Discovery begins with target identification. Choosing a biochemical mechanism involved in a disease condition. Drug candidates are tested for their interaction with the drug target. Thousands of molecules for each potential drug candidate are subjected to a rigorous screening process which can include radioligand binding assays and/or functional binding assays as well as other screening methods. Once scientists confirm interaction with the drug target. After careful review, one or more lead compounds are chosen.


When the candidate molecule shows promise as a therapeutic, it must be fully characterized. The compound will undergo a multitude of assays to determine preferred conditions for maintaining function, toxicity, bioactivity, and bioavailability. Early stage pharmacology studies help to characterize the underlying mechanism of action of the compound. Assays may include but not limited to, in vitro receptor distribution, ex vivo receptor occupancy, radiolabeling compound with either 3H, 14C or 125I, in vivo receptor occupancy.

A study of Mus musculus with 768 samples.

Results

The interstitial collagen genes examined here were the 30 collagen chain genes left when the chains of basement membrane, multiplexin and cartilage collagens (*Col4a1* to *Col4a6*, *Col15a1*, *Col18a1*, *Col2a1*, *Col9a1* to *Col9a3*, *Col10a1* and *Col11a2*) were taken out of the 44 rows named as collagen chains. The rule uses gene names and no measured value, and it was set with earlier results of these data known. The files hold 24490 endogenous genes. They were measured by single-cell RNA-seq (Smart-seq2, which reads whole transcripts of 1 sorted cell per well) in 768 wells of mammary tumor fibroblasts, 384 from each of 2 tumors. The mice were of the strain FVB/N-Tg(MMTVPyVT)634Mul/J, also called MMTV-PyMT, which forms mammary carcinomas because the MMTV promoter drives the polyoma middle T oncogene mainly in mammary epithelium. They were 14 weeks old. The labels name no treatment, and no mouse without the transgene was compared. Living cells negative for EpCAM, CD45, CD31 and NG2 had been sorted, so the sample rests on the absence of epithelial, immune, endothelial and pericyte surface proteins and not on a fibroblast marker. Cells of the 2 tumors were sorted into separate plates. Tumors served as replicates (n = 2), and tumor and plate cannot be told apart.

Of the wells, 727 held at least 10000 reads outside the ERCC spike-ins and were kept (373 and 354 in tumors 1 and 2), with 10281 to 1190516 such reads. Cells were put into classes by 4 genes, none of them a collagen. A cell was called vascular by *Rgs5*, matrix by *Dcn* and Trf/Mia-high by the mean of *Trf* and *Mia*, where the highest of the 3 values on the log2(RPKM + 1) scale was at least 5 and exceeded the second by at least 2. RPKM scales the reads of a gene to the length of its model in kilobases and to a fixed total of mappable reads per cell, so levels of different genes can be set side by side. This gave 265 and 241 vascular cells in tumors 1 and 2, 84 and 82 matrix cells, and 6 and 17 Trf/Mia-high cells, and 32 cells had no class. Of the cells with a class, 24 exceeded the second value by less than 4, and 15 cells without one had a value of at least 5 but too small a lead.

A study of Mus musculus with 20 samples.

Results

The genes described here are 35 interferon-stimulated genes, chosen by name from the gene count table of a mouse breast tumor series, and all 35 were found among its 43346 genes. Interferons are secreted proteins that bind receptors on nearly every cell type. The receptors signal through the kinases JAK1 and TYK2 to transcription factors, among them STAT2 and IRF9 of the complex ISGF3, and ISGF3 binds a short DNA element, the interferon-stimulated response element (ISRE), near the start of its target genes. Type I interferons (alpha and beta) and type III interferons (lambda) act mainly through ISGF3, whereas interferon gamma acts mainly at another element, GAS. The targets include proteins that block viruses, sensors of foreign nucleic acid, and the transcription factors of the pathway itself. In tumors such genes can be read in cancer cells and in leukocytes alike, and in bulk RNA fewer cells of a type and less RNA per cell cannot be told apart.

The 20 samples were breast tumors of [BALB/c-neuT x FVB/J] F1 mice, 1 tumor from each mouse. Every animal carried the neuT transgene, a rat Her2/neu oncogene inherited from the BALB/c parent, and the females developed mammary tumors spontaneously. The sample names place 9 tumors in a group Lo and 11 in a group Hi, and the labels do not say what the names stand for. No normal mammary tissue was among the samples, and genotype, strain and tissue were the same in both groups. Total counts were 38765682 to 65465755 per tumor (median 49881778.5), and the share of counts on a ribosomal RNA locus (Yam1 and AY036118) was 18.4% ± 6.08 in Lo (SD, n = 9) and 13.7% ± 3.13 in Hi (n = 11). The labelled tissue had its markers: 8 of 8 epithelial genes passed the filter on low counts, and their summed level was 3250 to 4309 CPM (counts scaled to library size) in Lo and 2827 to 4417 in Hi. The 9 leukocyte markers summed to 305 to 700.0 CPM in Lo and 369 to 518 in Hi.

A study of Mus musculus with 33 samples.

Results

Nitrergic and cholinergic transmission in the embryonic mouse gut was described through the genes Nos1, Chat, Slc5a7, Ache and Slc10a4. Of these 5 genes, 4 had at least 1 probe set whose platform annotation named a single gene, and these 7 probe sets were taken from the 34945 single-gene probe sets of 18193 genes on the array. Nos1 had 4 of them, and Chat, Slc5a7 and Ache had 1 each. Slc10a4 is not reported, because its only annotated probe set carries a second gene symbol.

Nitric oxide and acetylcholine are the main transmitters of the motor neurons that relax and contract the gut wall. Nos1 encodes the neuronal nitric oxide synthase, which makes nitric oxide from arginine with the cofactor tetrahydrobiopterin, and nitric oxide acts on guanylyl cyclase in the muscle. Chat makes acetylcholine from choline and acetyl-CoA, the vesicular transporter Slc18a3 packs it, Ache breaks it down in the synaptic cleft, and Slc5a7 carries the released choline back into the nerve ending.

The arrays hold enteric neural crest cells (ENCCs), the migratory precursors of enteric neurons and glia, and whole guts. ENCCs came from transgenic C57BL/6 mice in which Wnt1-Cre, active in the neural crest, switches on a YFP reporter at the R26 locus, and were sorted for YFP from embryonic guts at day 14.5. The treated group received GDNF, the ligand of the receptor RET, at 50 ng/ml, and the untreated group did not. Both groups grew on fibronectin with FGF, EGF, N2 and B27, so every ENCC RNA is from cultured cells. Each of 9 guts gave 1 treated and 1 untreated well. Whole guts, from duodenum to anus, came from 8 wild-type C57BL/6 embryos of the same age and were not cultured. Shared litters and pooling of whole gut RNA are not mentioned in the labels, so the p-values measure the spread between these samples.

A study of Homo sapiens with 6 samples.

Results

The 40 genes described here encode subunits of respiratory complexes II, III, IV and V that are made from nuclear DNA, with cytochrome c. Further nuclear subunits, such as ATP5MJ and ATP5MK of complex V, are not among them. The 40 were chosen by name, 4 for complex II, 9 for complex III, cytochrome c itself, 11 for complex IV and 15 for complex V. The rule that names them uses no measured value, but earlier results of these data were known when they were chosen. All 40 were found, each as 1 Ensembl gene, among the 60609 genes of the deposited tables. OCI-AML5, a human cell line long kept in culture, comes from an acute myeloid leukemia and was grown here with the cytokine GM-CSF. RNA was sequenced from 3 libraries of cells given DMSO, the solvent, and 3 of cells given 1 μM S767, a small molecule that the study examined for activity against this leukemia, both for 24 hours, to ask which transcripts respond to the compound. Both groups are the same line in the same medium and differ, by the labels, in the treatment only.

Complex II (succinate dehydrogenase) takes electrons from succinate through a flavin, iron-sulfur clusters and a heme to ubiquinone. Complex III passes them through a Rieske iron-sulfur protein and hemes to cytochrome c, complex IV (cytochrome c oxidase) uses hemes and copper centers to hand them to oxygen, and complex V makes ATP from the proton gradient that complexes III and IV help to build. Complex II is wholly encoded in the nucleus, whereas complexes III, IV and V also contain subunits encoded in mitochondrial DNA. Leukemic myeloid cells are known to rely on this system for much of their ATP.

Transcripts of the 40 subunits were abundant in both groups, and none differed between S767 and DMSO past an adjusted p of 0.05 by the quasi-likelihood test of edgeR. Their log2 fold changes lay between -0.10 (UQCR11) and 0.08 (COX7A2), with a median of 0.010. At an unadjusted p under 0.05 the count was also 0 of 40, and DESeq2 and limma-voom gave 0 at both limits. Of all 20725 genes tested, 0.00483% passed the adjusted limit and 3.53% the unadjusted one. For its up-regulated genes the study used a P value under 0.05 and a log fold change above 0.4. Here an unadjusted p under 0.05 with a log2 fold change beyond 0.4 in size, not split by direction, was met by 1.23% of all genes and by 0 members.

Formulation, Delivery, Packaging Development

Researchers must devise a formulation that ensures the proper drug delivery parameters. It is critical to begin looking ahead to clinical trials at this phase of the drug development process. Drug formulation and delivery may be refined continuously until, and even after, the drug’s final approval. Researchers determine the drug’s stability—in the formulation itself, and for all the parameters involved with storage and shipment, such as heat, light, and time. A simple stability test can be utilized for this process. The formulation must remain potent and sterile and it must also remain safe (nontoxic).

Pharmacokinetics & Drug Disposition

Pharmacokinetic (PK) and ADME (Absorption/Distribution/Metabolism/Excretion) studies provide useful feedback for formulation scientists. PK studies yield parameters such as AUC (area under the curve), Cmax (maximum concentration of the drug in blood), and TMAX (time at which CMAX is reached). The data from animal PK studies is then compared to data from early stage clinical trials to check the predictive power of animal models.

Preclinical Toxicology Testing & IND Application

Pre-clinical testing analyzes the bioactivity, safety, and efficacy of the formulated drug product. This testing is critical to a drug’s eventual success and is scrutinized by many regulatory commissions. During the pre-clinical stage of the development process, plans for clinical trials and an Investigative New Drug (IND) application are prepared. Studies taking place during the pre-clinical stage should be designed to support the clinical studies that will follow.